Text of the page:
Mt. Gilead Baptist Church, Fort Worth, Texas (1875- )

Mt. Gilead Baptist Church
© University of Texas at Arlington Library to The Portal to Texas History at UNT Libraries, Fair use image

Following emancipation in 1865, former slaves across the South detached themselves from white-controlled congregations and established independent churches. In Fort Worth, Texas, historic Mt. Gilead Baptist Church was one of those new congregations. Over time it would serve the spiritual and cultural needs of African Americans in the city.

Mt. Gilead Baptist Church is the oldest continuously operating African-American Baptist Church in Fort Worth. It was organized in September 1875 by twelve former slaves who later built a modest structure in a black settlement called “Baptist Hill” near present-day 15th and Crump Streets. Considered the “mother church of Fort Worth black Baptists,” it soon became a symbol of African American self-determination. Once classified a megachurch in the 1920s because of its huge congregation and local influence, today the church sits as a reminder of what was once a vibrant black business district in downtown Fort Worth.

Scholarly pastors promoted progress and taught self-reliance from the pulpit, and these messages resonated with the congregation. Notably, Rev. S.H. Smith (1881-1887) built a second structure at 13th Avenue and Jones Streets in 1882-1883; Rev. A.L. Boone (1916-1923) installed stained glass windows and the dome visible today in existing structure at 5th and Grove Streets; and Rev. Cedric Britt (1979-2009) at age 26 was the youngest to be called pastor and the longest-tenured with 30 years of service at his time of death in 2009.

Rev. Lacy Kirk Williams, prominent leader in national black Baptist circles at the time, led the church congregation from 1907 to 1916. A graduate of Bishop College, he envisioned Mt. Gilead serving the entire black community throughout Fort Worth every day of the week while providing a respite from segregation. In 1911 Williams garnered support from the congregation composed of professional and working-class members to launch the construction of the 4,800-square-foot modified-gothic building that is home to the church today. Widely celebrated for his achievements at Mt. Gilead, Williams was hired away in 1916 to pastor historic Olivet Baptist Church in Chicago, Illinois, once called “the largest Protestant church in the world.”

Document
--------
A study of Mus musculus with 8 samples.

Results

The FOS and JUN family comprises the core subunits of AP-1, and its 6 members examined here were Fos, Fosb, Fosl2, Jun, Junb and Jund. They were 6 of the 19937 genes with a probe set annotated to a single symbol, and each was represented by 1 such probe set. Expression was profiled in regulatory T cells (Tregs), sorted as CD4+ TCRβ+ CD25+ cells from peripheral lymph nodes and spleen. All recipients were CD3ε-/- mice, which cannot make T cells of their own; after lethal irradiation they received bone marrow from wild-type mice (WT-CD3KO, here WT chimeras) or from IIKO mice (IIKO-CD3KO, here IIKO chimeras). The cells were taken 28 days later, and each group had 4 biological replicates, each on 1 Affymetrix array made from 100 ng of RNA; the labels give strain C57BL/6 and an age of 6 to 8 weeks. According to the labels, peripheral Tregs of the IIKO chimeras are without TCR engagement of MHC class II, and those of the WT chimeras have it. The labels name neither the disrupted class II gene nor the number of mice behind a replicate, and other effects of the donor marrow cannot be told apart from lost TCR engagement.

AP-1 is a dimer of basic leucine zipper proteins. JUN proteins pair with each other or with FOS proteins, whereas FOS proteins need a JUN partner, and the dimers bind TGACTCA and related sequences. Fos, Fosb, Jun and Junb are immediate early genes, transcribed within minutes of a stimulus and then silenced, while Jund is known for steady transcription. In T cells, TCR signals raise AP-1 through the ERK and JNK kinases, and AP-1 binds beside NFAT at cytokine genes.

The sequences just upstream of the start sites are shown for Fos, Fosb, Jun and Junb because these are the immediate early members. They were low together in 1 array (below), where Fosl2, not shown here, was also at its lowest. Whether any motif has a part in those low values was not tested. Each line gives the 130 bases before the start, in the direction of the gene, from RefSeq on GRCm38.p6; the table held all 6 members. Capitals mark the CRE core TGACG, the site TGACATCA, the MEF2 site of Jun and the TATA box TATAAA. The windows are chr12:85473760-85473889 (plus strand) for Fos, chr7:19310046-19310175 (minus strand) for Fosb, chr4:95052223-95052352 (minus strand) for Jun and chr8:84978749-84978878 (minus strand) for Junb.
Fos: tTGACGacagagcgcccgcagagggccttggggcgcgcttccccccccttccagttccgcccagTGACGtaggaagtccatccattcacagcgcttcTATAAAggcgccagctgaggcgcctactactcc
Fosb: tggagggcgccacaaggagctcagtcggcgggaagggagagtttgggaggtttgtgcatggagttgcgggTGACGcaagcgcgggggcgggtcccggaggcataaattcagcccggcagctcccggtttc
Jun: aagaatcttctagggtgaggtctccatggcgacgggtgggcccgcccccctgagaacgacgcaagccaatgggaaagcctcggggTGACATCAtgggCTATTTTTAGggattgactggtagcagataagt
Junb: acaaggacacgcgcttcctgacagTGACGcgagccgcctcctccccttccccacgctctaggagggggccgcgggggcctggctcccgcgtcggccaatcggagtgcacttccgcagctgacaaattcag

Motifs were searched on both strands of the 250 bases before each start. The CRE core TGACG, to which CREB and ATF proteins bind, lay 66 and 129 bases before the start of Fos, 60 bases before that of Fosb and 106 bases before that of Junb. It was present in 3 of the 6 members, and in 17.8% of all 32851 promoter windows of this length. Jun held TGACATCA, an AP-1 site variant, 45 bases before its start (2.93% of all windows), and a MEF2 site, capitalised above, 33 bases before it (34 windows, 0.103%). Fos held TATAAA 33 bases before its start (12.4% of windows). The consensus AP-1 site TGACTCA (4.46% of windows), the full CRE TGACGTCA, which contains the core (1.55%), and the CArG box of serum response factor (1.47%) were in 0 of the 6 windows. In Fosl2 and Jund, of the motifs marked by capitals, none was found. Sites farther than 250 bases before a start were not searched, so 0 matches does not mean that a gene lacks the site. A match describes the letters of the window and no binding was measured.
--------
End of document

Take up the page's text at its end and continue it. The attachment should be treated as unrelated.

By 1913, Mt. Gilead entered the new sanctuary, designed by black architect Wallace Rayfield and adorned with a pipe organ, elaborate opera chairs in the balcony, and “the first indoor baptismal” in Texas. It had a library with law books, a day nursery for working mothers, and a kindergarten. The basement was furnished with a cafeteria serving signature dishes, a gym, and the only indoor pool in the city where black children could swim. The auditorium was the venue for social events, including a performance by contralto Marian Anderson in 1939.

Although Mt. Gilead has seen declining membership over the last few decades, setbacks in the efforts to restore the building, and a scheme in 2016 to sell the church property to help expand the downtown Fort Worth business district, which the congregation defeated in a lawsuit, the church still stands at its 1913 location, a local landmark that remains a formidable icon in Ft. Worth.